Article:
The Celebration of Easter

One of the great debates of church history is little known among non-scholars–the Quartodeciman Controversy. This was the debate that raged for nearly 200 years about when Easter should be celebrated. The early Church practice was to observe it on 14 Nisan (hence, Quartodeciman), and this dominated in the east; the Roman custom developed to observe it always on a Sunday, and Rome’s lead caused this to become universal.

Wikipedia has a helpful summary. Polycarp, a disciple of John, advocated for 14 Nisan before Anicetus, Bishop of Rome, and remained in communion; later generations were not so fortunate, and were excommunicated by Victor I–who was promptly reproached by other bishops, including Irenaeus (see Eusebius). The controversy didn’t die down; in 325 Nicea addressed it, and Emperor Constantine wrote a letter to those who didn’t attend the council to let them know about the Easter discussion. Constantine’s letter is a painful read. His bottom line (and, apparently, the council’s) is that we should not do what the Jews do. In other words, anti-Judaism was a major reason for the suppression of the original practice of celebrating the Pasch on 14 Nisan.

It was, in the first place, declared improper to follow the custom of the Jews in the celebration of this holy festival, because, their hands having been stained with crime, the minds of these wretched men are necessarily blinded. By rejecting their custom, we establish and hand down to succeeding ages one which is more reasonable, and which has been observed ever since the day of our Lord’s sufferings. Let us, then, have nothing in common with the Jews, who are our adversaries.

4 thoughts on “The Celebration of Easter

  1. I think the real reason is what I learned as a kid. It’s called Easter Sunday. How could it be celebrated on any other day of the week?

  2. Well, it was. It was celebrated as Pesach/Pascha/Pascua (as still called in many languages). It was celebrated on the anniversary, 14 Nisan, just as the Nativity is celebrated on the same day each year, 25 December.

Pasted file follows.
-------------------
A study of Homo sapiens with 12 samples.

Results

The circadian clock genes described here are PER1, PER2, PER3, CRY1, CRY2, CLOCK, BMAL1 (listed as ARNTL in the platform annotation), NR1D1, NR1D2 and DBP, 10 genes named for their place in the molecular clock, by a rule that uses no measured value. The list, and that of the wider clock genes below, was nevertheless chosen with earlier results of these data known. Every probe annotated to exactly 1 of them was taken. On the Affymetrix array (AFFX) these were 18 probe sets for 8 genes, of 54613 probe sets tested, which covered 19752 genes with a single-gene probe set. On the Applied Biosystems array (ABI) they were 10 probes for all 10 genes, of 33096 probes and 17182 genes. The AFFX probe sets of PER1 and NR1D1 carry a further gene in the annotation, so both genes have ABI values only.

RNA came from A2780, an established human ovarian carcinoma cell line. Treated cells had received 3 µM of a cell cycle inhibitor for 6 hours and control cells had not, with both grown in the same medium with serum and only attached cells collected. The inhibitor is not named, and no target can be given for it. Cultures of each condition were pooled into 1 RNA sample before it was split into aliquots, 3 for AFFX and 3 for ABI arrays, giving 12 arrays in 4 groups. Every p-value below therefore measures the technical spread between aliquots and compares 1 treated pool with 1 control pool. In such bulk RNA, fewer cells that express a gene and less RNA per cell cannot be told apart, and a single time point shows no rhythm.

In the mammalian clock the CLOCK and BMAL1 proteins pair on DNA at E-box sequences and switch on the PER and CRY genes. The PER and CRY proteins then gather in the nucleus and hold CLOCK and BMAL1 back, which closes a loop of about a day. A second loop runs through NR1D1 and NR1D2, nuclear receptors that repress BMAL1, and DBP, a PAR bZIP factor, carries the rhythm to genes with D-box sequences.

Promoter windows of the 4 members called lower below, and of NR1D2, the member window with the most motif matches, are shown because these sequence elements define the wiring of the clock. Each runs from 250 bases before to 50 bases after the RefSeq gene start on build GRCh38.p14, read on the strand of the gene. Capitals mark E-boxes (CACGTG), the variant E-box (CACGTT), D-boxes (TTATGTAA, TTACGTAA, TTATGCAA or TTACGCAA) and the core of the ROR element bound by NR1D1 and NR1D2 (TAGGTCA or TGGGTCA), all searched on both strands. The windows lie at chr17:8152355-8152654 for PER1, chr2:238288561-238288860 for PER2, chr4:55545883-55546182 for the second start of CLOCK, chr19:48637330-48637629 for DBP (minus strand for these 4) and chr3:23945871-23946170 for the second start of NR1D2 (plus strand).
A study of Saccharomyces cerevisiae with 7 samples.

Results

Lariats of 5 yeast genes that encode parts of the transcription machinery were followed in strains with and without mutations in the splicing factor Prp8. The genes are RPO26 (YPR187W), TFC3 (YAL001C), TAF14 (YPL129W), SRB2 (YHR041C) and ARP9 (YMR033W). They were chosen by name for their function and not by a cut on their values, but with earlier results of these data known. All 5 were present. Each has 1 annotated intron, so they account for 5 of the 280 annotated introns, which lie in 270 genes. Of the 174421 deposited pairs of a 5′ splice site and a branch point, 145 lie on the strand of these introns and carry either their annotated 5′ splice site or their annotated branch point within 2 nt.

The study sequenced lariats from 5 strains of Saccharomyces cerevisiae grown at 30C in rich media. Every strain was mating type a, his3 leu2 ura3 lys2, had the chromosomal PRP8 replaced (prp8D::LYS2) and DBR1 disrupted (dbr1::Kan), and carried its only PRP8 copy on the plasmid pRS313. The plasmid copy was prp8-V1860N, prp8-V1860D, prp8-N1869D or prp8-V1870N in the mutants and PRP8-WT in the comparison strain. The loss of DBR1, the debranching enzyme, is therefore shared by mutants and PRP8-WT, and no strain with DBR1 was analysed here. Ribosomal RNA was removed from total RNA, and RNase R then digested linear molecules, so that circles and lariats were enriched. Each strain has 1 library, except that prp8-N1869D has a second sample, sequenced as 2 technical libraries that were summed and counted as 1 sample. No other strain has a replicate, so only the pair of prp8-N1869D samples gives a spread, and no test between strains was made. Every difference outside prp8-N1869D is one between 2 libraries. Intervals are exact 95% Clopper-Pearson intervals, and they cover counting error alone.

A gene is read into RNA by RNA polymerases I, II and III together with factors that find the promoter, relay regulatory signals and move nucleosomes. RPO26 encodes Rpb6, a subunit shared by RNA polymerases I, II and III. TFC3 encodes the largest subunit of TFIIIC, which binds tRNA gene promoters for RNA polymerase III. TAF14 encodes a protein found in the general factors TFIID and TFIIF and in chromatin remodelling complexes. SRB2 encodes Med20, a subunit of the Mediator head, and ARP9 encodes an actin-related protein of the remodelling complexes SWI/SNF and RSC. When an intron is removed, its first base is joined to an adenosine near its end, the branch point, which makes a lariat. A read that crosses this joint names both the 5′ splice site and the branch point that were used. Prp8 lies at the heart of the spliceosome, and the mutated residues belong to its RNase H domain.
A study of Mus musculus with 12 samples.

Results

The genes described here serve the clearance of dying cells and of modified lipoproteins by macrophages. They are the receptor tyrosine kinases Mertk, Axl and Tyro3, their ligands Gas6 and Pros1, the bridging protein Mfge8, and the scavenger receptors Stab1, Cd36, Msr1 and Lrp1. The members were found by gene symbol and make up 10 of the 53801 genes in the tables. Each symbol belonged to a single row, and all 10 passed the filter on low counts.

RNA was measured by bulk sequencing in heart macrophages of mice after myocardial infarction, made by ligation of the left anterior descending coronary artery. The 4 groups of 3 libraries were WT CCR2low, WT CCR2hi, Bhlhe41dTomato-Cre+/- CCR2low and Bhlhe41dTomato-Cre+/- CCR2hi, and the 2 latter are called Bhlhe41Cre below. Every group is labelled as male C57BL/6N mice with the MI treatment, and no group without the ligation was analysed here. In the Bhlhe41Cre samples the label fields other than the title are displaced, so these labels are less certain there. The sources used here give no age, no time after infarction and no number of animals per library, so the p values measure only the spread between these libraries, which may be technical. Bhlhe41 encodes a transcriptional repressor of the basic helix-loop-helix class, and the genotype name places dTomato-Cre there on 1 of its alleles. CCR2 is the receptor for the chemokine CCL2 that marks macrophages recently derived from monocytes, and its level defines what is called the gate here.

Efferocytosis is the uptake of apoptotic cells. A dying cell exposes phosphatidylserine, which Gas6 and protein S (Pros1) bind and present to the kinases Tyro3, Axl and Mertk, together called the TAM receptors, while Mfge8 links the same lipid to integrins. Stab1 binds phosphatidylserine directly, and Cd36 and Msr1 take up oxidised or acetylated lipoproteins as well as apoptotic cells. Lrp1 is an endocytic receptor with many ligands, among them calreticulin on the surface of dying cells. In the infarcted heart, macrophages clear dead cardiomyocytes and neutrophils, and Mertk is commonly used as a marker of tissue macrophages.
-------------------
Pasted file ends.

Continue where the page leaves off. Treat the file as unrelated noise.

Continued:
And when is our primary celebration of Easter? It isn’t Sunday morning–it’s Saturday night.

  3. Would you believe that Jesus could not be crucified on any day of the week except Thursday? Did you know that He was crucified after the Feast of Unleavened Bread? Did you know that he was crucified on August 17, 1 BC? Yes, in August and in the year 1 BC. Please see my blog here at wordpress or my website at geocities. The date was revealed by the Holy Spirit Himself. I first heard the date in 1983 but checked it when we connected to the Internet in 1999. After four years, in 2003, I was able to prove that the Holy Spirit is correct in His revelation.

    Did you know that Jesus resurrected on the evening of Sunday and the tomb was discovered empty the following morning, already Monday? This is in the proleptic Gregorian calendar wherein the day starts at midnight. Jesus resurrected between 6pm and midnight that Sunday. In the Jewish calendar where the day starts at sundown, when Jesus resurected, it was already Monday evening. The following morning, it was still Monday because in the Jewish calendar, a day consists of a full nighttime followed by a full daytime.

    • Very funny. But contrary to everything in the Bible, which says he died on the preparation day, Friday; that he rose on the First Day of the week; that it was early Sunday morning, at sunrise, when they went to the tomb. He was much too young to be crucified in 1 BC. Pontius Pilate was not procurator then. I’m sorry to have to tell you this, but it wasn’t the Holy Spirit who revealed this to you.